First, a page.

Sam Mahtani '10

By Christy Wolff ’10

Born in Singapore, Sam Mahtani (‘10) and his family moved to the U.S. when he was just five years old. His dad, a pastor, led churches in Texas, Pennsylvania, and Illinois. Seeing his dad make a difference by spreading the Gospel inspired Mahtani to do the same – but instead of preaching, he found joy in sharing Christ’s love through soccer.

Currently the Assistant Women’s Soccer Coach at Belmont University (Nashville, TN), Mahtani helps players grow in their relationship with Jesus through his leadership. “You can speak into students’ lives when you have a relationship already built,” Mahtani shared. “This is a big part of why I went into coaching.”

His decision to become a coach didn’t happen overnight. For many years, Mahtani wasn’t sure what his next steps after high school would be; a four-year college wasn’t on his mind. He considered being a chef and even applied to a cooking school in Chicago, but realized he’d likely be working hectic hours and didn’t want to be pushed into such a specific job in the cooking industry.

Open to other options, Mahtani’s sister-in-law – a Trinity alum – encouraged Mahtani to check out the campus. Before he knew it, he was officially a student at Trinity.

His interest in athletics grew once he joined the basketball team during high school. He played soccer to stay in shape and just enjoyed the game. During his freshman year at Trinity, Mahtani formed friendships with members of the soccer team by playing intramural soccer together, which led to Mahtani trying out as a walk-on player. By the spring, Mahtani was officially a player on the team. He grew exponentially in his role on the team, from a walk-on tryout to starting defender to captain his senior year.

“At Trinity, I learned how to gain common ground and understanding across the board; whether you’re from a different background, have a different viewpoint, or have a different skin color, I could find common ground and build friendships.”

Mahtani’s passion for playing soccer grew into an interest in coaching, which led to him becoming the men’s basketball team manager as a freshman and pursuing a minor in coaching. He joined the coaching staff at Illiana High School (Dyer, IN) – a role that helped him identify his calling.

After graduation, Mahtani took a marketing job at Trinity. “I wanted to coach at Trinity and needed a job that would be flexible and allow me to coach. The marketing department at Trinity allowed me to do that with my boss, Kim Fabian, who worked with my schedule.” This meant that Mahtani balanced a full-time job, assisting in coaching the women’s soccer team and working toward his master’s in coaching and athletic administration.

His hard work paid off with the opportunity to start both the men’s and women’s soccer programs from scratch at Providence Christian College (Pasadena, CA). His primary focus was on recruiting. “We had two kids at the school interested in soccer, so I had to recruit two full soccer teams in January to play that August,” Mahtani said. He also juggled a handful of athletic director duties, such as hiring staff, coordinating equipment and gear, renting soccer fields, making travel arrangements, and creating a process for the program.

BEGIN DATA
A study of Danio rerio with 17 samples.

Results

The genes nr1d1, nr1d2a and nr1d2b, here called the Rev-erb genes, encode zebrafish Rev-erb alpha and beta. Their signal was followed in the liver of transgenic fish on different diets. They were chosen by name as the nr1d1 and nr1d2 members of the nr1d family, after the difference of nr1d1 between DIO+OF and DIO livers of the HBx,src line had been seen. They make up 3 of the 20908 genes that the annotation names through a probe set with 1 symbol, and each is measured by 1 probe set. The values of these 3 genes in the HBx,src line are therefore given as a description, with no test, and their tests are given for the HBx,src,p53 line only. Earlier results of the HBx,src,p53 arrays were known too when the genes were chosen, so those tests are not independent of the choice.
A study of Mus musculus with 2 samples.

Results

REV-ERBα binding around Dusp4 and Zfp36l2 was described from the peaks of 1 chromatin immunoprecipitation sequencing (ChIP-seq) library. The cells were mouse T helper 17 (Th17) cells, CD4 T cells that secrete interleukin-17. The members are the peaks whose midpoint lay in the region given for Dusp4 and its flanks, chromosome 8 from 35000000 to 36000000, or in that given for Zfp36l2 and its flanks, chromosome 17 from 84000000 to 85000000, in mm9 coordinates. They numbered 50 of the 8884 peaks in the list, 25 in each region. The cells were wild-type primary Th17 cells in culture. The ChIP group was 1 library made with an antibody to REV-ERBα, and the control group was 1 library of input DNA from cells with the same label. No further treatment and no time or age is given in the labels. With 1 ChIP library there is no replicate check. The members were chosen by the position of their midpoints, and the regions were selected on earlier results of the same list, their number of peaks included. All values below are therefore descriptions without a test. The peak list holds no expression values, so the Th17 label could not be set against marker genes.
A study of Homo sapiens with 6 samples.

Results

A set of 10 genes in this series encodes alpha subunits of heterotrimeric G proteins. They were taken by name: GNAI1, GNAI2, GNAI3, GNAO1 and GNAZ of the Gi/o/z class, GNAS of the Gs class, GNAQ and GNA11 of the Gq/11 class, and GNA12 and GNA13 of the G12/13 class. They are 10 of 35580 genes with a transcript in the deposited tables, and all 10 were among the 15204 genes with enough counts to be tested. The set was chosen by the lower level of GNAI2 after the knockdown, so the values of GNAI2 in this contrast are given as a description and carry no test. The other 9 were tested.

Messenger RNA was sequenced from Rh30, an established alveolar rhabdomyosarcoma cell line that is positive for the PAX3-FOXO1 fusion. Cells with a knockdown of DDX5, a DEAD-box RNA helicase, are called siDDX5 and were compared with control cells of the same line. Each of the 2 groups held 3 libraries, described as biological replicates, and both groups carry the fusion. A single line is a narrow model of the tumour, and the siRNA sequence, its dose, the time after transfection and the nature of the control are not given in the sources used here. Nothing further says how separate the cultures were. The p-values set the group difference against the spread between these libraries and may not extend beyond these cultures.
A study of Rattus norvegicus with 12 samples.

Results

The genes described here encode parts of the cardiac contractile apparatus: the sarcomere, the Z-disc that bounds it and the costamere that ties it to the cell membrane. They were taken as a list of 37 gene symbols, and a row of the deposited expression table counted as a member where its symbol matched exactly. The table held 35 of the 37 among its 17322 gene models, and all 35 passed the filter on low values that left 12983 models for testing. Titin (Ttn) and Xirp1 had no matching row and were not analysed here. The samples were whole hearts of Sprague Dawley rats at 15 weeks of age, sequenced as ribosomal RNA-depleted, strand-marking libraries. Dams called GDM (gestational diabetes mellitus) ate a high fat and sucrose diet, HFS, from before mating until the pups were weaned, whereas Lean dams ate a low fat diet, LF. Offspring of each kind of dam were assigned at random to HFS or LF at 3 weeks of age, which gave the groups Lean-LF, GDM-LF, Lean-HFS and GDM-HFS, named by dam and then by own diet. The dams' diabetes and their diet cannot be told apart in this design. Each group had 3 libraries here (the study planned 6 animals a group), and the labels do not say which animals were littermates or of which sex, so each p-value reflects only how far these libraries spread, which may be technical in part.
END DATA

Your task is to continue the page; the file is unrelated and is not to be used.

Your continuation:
Mahtani used these skills to volunteer at the Western Region Fellowship of Christian Athletes (FCA) Sports Camp held at UCLA. Mahtani oversaw several coaches and leaders, and together they created a unique program for 60 young girls. “During the camp, students were asked to share their testimonies, and I shared mine, too. We provided a space to help students share their stories,” Mahtani shared.

Six years after starting the program at Providence and eager for his next challenge, Mahtani accepted a coaching job at Belmont University – where he still works. His wife, Roxy, is a Tennessee native, meaning they would be closer to the family after living in California. They welcomed their first child in April 2022.

Mahtani reflects on valuable leadership skills that he developed at Trinity, such as managing people, presenting himself, and communicating clearly. These were fine-tuned by professors, coaches, mentors, and faculty. Mahtani pointed out that professors welcomed one-on-one conversations with their students – a valuable benefit to being a part of a smaller campus and having accessibility to professors.

“At Trinity, I learned how to gain common ground and understanding across the board; whether you’re from a different background, have a different viewpoint, or have a different skin color, I could find common ground and build friendships,” Mahtani said.

Growing up in the Church, Mahtani wanted his years at Trinity to be a time of growth for his faith. “I learned that there are a lot of Christians on campus who have a different viewpoint than me, and that’s ok; it doesn’t remove the fact that we’re all Christians and understand that Jesus died for our sins.”

Today, Mahtani is helping others develop their faith while enjoying a shared love for soccer. “It’s not about saying I love Jesus and I love soccer; those two go hand in hand for me. I am now in a place where I get to coach at a Division 1 program, allowing me to have an impact by sharing the Gospel through relationships. I want to be the catalyst in players’ lives by putting them in a position to learn more about Christ and be there to listen.”